A salvage operation in the Fort Pierce Inlet area in Florida concluded earlier this month and has since been evaluated by officials. The barge sank in February, according to the Palm Beach news source WPTV, and the wreck was separated into different pieces by salvage professionals, as the Army Corps of Engineers restricted boating activities in the area.

It had been left in the same area on the water for years before finally sinking on February 24. Another local source, WPBF, reports that the ship was rusted and filled with holes. So far, the operation has cost $1.7 million and resulted in the death of one crew member, Dominick Tortorice, who was on the vessel when it sank.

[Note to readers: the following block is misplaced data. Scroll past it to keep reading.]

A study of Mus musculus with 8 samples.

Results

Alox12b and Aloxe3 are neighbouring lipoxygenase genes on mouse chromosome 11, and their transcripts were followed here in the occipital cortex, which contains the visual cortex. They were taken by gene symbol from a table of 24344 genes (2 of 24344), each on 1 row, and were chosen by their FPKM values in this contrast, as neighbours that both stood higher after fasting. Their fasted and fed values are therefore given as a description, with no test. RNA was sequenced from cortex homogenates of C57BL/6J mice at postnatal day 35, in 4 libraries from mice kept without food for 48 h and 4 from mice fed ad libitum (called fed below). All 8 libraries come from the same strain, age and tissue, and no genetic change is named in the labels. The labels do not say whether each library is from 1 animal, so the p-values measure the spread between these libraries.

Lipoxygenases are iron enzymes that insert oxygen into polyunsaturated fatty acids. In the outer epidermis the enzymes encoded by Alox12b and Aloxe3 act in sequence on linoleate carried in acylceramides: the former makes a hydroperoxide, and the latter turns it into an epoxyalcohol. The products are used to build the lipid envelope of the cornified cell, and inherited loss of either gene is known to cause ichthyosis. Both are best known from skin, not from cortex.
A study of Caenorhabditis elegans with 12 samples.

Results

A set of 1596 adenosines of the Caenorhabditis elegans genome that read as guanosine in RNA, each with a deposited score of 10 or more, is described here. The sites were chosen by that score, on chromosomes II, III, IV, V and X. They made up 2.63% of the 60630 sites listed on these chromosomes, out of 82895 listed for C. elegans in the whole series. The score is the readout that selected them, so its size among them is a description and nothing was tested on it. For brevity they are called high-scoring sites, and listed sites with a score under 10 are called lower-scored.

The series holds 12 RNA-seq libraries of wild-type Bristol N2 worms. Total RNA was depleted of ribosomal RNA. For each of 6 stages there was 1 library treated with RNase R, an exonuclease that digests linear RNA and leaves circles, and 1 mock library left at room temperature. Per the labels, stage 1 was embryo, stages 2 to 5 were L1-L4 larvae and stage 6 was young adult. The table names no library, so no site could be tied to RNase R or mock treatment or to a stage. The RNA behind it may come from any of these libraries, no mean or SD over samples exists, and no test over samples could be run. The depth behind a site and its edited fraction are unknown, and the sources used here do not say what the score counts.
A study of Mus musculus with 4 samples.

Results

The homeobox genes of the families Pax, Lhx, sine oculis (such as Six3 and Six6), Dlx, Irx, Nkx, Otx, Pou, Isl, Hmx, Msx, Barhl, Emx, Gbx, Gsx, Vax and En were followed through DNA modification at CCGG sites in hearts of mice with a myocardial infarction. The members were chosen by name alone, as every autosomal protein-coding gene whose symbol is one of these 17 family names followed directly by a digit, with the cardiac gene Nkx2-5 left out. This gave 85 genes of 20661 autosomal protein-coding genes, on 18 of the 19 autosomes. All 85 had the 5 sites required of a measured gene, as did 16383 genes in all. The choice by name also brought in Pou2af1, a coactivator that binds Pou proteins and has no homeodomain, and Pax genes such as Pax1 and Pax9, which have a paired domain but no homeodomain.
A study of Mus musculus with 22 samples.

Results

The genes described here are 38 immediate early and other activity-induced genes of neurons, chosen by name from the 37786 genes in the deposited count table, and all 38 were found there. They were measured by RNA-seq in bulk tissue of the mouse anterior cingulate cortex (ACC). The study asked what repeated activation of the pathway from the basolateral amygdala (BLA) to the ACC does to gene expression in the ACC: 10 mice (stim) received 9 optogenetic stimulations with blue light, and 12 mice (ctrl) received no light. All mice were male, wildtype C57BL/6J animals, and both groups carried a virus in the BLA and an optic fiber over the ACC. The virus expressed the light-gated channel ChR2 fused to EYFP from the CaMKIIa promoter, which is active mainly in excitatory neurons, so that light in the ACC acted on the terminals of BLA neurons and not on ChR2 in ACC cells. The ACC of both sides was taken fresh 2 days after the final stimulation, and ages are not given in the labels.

The source quoted John Ricisak of the Miami-Dade County Division of Environmental Resources Management, who referred to the Coast Guard's efforts to persuade the owner to move his vessel.

"The order of the captain of the port issued by the Coast Guard required that if he was to move the barge he could only do so with their authorization," he said. WPBF also reports that the Florida Fish and Wildlife Conservation Commission is investigating the incident.

In March, the Corps released a statement listing the environmental challenges to lifting the sunken barge, which included a narrow period of sunlight and active currents, both of which made dive work too dangerous in certain hours. Teams had to work with the variable weather to prepare the vessel for removal, with a lot of difficulties unique to the Fort Pierce Inlet.

Every aquatic operation has its own quirks that impact performance or create a possible hazard for crew. The commercial diving insurance policies businesses choose can be effective when they match the conditions and length of operations.